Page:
Boston survives bizarre plays and an obstruction call that sent umpires to the rule book to win, 3-1, in the 11th inning and stay alive in the series.

October 05, 2003|From Associated Press

BOSTON — Three errors in one inning. Two bizarre plays at the plate in another. Two obstruction calls in the game and -- perhaps the weirdest thing of all -- a perfect performance from the Boston bullpen.

Then all the wackiness gave way to something quite routine for the Red Sox this season -- a game-winning home run.

Sore-legged pinch-hitter Trot Nixon homered in the 11th, and Boston took advantage of Oakland's bumbling baserunning and fielding to beat the Athletics, 3-1, Saturday night and avoid elimination in their best-of-five AL playoff series.

Boston managed only seven hits but forced Game 4 today thanks to four Oakland errors -- three in the second inning. The A's also had two runners thrown out at the plate in a bizarre sixth that sent the umpires to the rule book and A's Manager Ken Macha into a fury.

The score remained 1-1 until the 11th -- the second time in three games the teams have needed extra innings. But the Red Sox have thrived under pressure, winning 23 games this season in their last at-bat.

Rich Harden, Oakland's fifth pitcher, came on to start the 11th and got Kevin Millar to pop out. Doug Mirabelli then singled to right and Nixon, batting for Gabe Kapler, hit a 1-1 pitch to straightaway center field.

"He was waiting for that pitch, I guess," Harden said. "I give him credit."

Boston's much-maligned bullpen threw four perfect innings, three by Mike Timlin, before Scott Williamson pitched the 11th for the win.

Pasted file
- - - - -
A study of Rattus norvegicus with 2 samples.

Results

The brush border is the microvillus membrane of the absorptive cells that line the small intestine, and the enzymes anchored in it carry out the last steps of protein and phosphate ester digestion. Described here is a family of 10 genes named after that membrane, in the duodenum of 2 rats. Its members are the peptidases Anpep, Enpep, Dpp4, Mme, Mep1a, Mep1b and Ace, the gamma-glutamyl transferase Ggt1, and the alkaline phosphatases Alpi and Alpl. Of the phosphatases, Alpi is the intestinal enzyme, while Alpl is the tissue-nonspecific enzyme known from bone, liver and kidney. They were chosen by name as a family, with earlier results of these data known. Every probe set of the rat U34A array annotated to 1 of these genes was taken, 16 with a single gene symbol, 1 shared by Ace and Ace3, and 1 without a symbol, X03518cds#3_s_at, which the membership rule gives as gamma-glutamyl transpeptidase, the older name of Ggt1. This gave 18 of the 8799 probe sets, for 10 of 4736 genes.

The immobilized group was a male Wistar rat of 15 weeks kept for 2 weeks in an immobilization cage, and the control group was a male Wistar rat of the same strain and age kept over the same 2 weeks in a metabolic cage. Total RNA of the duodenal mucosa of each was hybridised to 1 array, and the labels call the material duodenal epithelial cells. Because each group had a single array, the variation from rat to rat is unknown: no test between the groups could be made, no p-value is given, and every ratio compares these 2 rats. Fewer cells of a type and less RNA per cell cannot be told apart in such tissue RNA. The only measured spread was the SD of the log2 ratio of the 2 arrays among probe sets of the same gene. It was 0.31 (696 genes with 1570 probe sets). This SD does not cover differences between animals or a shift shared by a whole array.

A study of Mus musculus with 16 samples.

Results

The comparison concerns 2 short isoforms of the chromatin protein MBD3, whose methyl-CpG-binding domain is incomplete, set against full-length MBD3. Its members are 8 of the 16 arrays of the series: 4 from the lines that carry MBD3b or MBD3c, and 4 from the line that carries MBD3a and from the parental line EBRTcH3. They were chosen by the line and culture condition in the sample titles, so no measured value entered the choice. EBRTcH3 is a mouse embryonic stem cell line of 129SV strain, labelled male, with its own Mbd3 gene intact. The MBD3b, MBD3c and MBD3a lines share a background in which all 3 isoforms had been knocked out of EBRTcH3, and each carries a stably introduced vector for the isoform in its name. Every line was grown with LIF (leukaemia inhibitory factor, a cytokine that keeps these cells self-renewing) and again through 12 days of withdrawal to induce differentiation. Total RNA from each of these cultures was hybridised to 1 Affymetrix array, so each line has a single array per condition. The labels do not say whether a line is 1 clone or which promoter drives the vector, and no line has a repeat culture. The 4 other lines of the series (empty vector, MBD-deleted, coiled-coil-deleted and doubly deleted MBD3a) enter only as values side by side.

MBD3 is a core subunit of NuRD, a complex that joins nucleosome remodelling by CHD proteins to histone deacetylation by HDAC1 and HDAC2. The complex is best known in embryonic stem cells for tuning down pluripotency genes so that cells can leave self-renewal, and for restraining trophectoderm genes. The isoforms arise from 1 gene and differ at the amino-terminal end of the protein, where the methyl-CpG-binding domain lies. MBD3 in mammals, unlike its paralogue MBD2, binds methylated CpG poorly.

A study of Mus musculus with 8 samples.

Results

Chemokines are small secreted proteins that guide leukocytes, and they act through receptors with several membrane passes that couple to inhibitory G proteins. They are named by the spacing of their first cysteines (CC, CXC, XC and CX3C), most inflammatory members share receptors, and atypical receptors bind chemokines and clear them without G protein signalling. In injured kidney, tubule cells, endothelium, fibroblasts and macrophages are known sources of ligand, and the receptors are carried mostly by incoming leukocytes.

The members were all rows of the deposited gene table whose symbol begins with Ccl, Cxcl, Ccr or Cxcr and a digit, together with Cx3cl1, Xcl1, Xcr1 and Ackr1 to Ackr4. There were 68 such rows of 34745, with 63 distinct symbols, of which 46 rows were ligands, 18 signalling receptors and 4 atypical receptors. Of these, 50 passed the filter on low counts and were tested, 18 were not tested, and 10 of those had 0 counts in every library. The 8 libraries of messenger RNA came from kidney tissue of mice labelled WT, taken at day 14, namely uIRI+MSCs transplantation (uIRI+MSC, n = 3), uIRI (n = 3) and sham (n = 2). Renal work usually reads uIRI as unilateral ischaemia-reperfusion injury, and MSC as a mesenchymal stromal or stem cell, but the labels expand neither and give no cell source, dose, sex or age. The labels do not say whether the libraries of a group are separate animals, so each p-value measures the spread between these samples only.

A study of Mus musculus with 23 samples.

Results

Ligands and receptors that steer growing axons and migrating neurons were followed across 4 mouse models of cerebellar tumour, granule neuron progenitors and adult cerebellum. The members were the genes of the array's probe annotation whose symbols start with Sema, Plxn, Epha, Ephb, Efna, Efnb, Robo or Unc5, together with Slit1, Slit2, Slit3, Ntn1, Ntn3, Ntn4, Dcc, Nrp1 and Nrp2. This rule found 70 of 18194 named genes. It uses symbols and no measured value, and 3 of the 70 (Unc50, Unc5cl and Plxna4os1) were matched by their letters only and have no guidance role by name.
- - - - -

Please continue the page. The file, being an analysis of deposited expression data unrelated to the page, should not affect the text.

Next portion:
John Burkett pitches today against Tim Hudson. A Red Sox win would send the teams back to Oakland for Game 5 on Monday, and Pedro Martinez probably would face Barry Zito for a chance to advance to the AL championship series.

"We really believe that we're still in this thing," said Derek Lowe, who gave up six hits and an unearned run in seven innings.

It was the seventh consecutive time that the A's have lost a playoff game in which they had a chance to advance. Despite making the playoffs in four consecutive years, Oakland has not won a postseason series since sweeping Boston in 1990 to make it to the World Series.

The A's had won 10 consecutive playoff games against the Red Sox, also sweeping them in 1988. The Red Sox have not won the World Series since 1918, but their recent history bodes a little better: They rallied from an 0-2 deficit to beat Cleveland in the first round of the 1999 playoffs.

Oakland was the last team to blow a 2-0 lead in the first round, losing three in a row to the New York Yankees in 2001.

When the A's finally had a chance to go ahead in the sixth, they wasted it.

With runners on first and third, Miguel Tejada dribbled a ball toward third base. Lowe fielded it and threw it past catcher Jason Varitek, but Varitek blocked the plate as Eric Byrnes slid past it. As Varitek ran to get the ball, Byrnes made no effort to touch the plate. The umpire made no signal until Varitek tagged Byrnes.

Then things got weirder.

Ramon Hernandez hit a grounder past shortstop Nomar Garciaparra for an error that allowed Erubiel Durazo to score. Third baseman Bill Mueller collided with Tejada near third base, and umpire Bill Welke signaled obstruction. Tejada trotted nonchalantly toward home, slowing up way short of the plate.

Varitek got the ball and tagged out Tejada, infuriating the A's, who argued for several minutes that Tejada should have been allowed to score. Under rule 7.06 (b), it is the umpire's judgment whether to award an extra base to an obstructed runner.

"Bill Welke determined that Miguel Tejada would not have scored if there had not been obstruction," said Steve Palermo, a baseball supervisor of umpires.